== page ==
My love affair with ice hockey goes back a great many years: to the late 1970s in fact, when I spent a couple of years teaching English Conversation to adults in Tampere, Finland. My students mostly worked in the large paper mills of Tampere, which is a long, thin and rather beautiful town, sandwiched between two lakes. I taught engineers, management, secretarial staff. Sometimes I went out to the factories by bus and sometimes students travelled to the language school which was above a department store in the middle of town. There were a few other people - all ages and stages - doing evening classes for various reasons. When we weren't teaching, we clustered in the cafe downstairs, chatting, drinking coffee and eating rice porridge with milk, a fabulous creamy, sticky version of yoghurt called viili or piirakka munavoi, the cheap and cheerful Finnish equivalent to scrambled eggs on toast.
Finns are friendly but - on the whole - quite shy and private people. Teaching conversation to people who are naturally quiet was challenging. Eventually, I realised that the most effective technique was to dramatise things a bit and risk making a complete fool of myself in the process. Then they would relax and speak out. The majority of my students were young men. And the only thing they really wanted to talk about, even in English, wasn't business but ice hockey. I learned a lot about hockey over those two years from Lasse and Jorma and Matti and Heikki with their blue eyes and old gold hair. (Especially Jorma!) I was young, footloose and fancy free as were many of my students, and I and my fellow teachers were often invited out to hockey games. Tappara and Ilves were the town's two teams and there was a good deal of rivalry between them. My landlady's cute ten year old son, Esa, played hockey too, and I got used to seeing him clumping about in hockey kit. I loved it all. I was smitten by the magic of this fast, enchanting and oh so physical game.
Cue forward. I'm married with a young son myself - and we're living in Ayrshire. For a few blissful years, we get to watch superleague ice hockey - The Ayr Scottish Eagles - in a brand new arena with one of the biggest and best ice pads in the UK: the Centrum. Ice hockey appeals to young and old, male and female. Spectators include grannies and babies and all kinds of people in between.Visiting supporters sit among the home spectators and cheer their team, unmolested. Any violence tends to happen on the ice rather than off it.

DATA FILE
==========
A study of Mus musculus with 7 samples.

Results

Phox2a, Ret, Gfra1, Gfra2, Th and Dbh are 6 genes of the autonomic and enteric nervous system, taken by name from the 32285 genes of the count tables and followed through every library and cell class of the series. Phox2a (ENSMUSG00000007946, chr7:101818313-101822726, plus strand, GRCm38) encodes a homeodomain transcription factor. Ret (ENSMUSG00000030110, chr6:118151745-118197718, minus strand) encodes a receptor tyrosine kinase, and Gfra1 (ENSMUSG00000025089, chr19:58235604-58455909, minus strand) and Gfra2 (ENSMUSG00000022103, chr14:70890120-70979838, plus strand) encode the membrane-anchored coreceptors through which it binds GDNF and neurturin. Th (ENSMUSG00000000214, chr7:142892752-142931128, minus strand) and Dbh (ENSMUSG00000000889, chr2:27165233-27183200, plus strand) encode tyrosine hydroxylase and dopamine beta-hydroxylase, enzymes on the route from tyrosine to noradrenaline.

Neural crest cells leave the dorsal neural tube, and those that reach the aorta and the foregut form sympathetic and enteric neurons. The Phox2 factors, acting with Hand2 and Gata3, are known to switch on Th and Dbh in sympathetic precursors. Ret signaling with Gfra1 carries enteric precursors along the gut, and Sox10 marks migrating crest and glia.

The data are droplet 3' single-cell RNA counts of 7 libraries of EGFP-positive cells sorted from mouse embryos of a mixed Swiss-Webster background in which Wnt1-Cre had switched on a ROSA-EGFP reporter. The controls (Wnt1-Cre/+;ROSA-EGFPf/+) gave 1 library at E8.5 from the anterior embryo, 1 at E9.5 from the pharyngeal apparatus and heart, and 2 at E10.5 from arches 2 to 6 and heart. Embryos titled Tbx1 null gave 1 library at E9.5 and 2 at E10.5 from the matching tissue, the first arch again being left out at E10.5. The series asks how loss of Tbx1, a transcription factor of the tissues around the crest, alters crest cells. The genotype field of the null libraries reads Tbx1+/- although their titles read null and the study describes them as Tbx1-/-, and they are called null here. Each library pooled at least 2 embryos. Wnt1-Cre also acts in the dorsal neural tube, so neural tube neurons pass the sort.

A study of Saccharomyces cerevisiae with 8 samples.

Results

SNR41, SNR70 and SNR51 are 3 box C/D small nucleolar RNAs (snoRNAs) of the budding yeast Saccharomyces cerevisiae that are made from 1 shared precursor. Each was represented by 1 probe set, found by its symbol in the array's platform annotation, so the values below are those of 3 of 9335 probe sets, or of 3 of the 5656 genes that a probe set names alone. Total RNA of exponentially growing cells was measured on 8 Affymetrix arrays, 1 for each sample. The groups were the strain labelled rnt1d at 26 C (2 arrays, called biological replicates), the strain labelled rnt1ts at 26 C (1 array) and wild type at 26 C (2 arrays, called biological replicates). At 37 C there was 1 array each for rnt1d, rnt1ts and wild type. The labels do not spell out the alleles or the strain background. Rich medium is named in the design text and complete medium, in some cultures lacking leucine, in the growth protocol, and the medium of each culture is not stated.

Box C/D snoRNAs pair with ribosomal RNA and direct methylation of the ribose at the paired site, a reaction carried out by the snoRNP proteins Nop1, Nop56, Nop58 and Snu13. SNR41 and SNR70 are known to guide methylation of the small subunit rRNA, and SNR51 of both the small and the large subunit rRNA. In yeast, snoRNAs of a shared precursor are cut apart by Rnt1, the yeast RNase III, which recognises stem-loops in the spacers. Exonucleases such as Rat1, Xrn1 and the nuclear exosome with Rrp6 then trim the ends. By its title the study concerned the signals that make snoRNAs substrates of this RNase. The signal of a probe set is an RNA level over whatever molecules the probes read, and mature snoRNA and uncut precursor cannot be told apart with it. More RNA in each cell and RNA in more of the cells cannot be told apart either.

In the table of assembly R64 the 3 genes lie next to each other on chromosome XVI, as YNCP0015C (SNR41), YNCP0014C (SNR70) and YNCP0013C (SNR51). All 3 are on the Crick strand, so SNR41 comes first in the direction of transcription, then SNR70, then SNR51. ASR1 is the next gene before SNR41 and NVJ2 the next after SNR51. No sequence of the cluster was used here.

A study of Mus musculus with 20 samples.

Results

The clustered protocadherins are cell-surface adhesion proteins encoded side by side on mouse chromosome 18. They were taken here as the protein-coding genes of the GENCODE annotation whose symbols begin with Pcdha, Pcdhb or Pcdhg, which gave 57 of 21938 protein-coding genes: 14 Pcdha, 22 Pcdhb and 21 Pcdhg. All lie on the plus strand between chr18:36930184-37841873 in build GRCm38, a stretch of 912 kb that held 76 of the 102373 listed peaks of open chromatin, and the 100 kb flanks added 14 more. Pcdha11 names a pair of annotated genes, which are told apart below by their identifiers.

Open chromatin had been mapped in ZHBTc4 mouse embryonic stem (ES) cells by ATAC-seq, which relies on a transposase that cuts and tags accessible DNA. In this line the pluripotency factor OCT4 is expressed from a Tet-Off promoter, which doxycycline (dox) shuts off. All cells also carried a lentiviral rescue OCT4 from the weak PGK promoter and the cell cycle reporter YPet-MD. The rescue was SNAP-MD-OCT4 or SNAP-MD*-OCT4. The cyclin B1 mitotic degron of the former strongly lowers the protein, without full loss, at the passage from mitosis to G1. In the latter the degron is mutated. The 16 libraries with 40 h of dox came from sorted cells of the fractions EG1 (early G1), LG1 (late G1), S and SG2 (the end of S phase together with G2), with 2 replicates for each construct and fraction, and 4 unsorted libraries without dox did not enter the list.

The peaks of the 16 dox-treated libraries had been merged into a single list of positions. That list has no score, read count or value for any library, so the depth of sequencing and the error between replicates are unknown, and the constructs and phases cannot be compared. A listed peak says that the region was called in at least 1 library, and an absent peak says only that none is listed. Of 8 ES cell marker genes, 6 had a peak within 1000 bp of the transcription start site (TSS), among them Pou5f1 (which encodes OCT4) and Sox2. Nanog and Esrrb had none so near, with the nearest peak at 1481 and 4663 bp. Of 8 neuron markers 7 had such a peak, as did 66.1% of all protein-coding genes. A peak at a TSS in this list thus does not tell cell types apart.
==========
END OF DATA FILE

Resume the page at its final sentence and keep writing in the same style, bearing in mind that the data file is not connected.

The charismatic captain of the Eagles offers hockey classes to the kids. Our son learns to skate and then learns to play hockey. For a few short years, I'm a hockey mom, helping him to haul kit about - hockey involves a vast quantity of unbelievably heavy, smelly and expensive kit although fortunately much of it can be bought second hand - tugging on long laces, ferrying him to and from hockey summer schools, learning about cross checking and high sticking and why a wrist shot is more accurate than a slapshot.
Time passes. Our son hits sixteen, major exams loom and he's forced to make some tough choices. Hockey has become just too time consuming and he's been practising karate for years as well. Besides, he's already well over six feet tall and destined to be an 'enforcer' and enforcers tend to lose their teeth. He decides that karate fits in better with his academic work, so he stops playing.
All of which goes some way towards explaining the unusual background to my new novel, Ice Dancing. Of everything I've written, I think this probably comes closest to being a straightforward romance. But then, I'm never that straightforward, and just as there's a darker side to the good old hockey game, there's a darker side to this novel as well. If this is a romance, it's one with a wry and painful twist because visiting Canadian hockey player Joe, who skates like an angel, has his own demons to cope with and Helen, a farmer's wife, living discontentedly in a rural Scottish backwater, finds her life disrupted in unexpected ways by this young incomer. And so, with their two quite different worlds in unlikely collision, Joe and Helen find themselves balancing precariously on ice, dancing between past disappointments and future possibilities, between hope and despair, together and apart.
My agent, on first reading Ice Dancing, thought it had echoes of The Bridges of Madison County and I can see what she meant. There were times, though, when I thought I might be channelling Barbara Pym. Because this is also a novel about the quiet joys and equally quiet frustrations of village life.
I'm aware that the whole thing is a bit odd and off the wall (or off the boards, if we're talking about ice hockey!) But maybe that's what ebooks are also for: for when you want to balance precariously between genres while you launch yourself and your novel on an exciting but undoubtedly slippery new medium.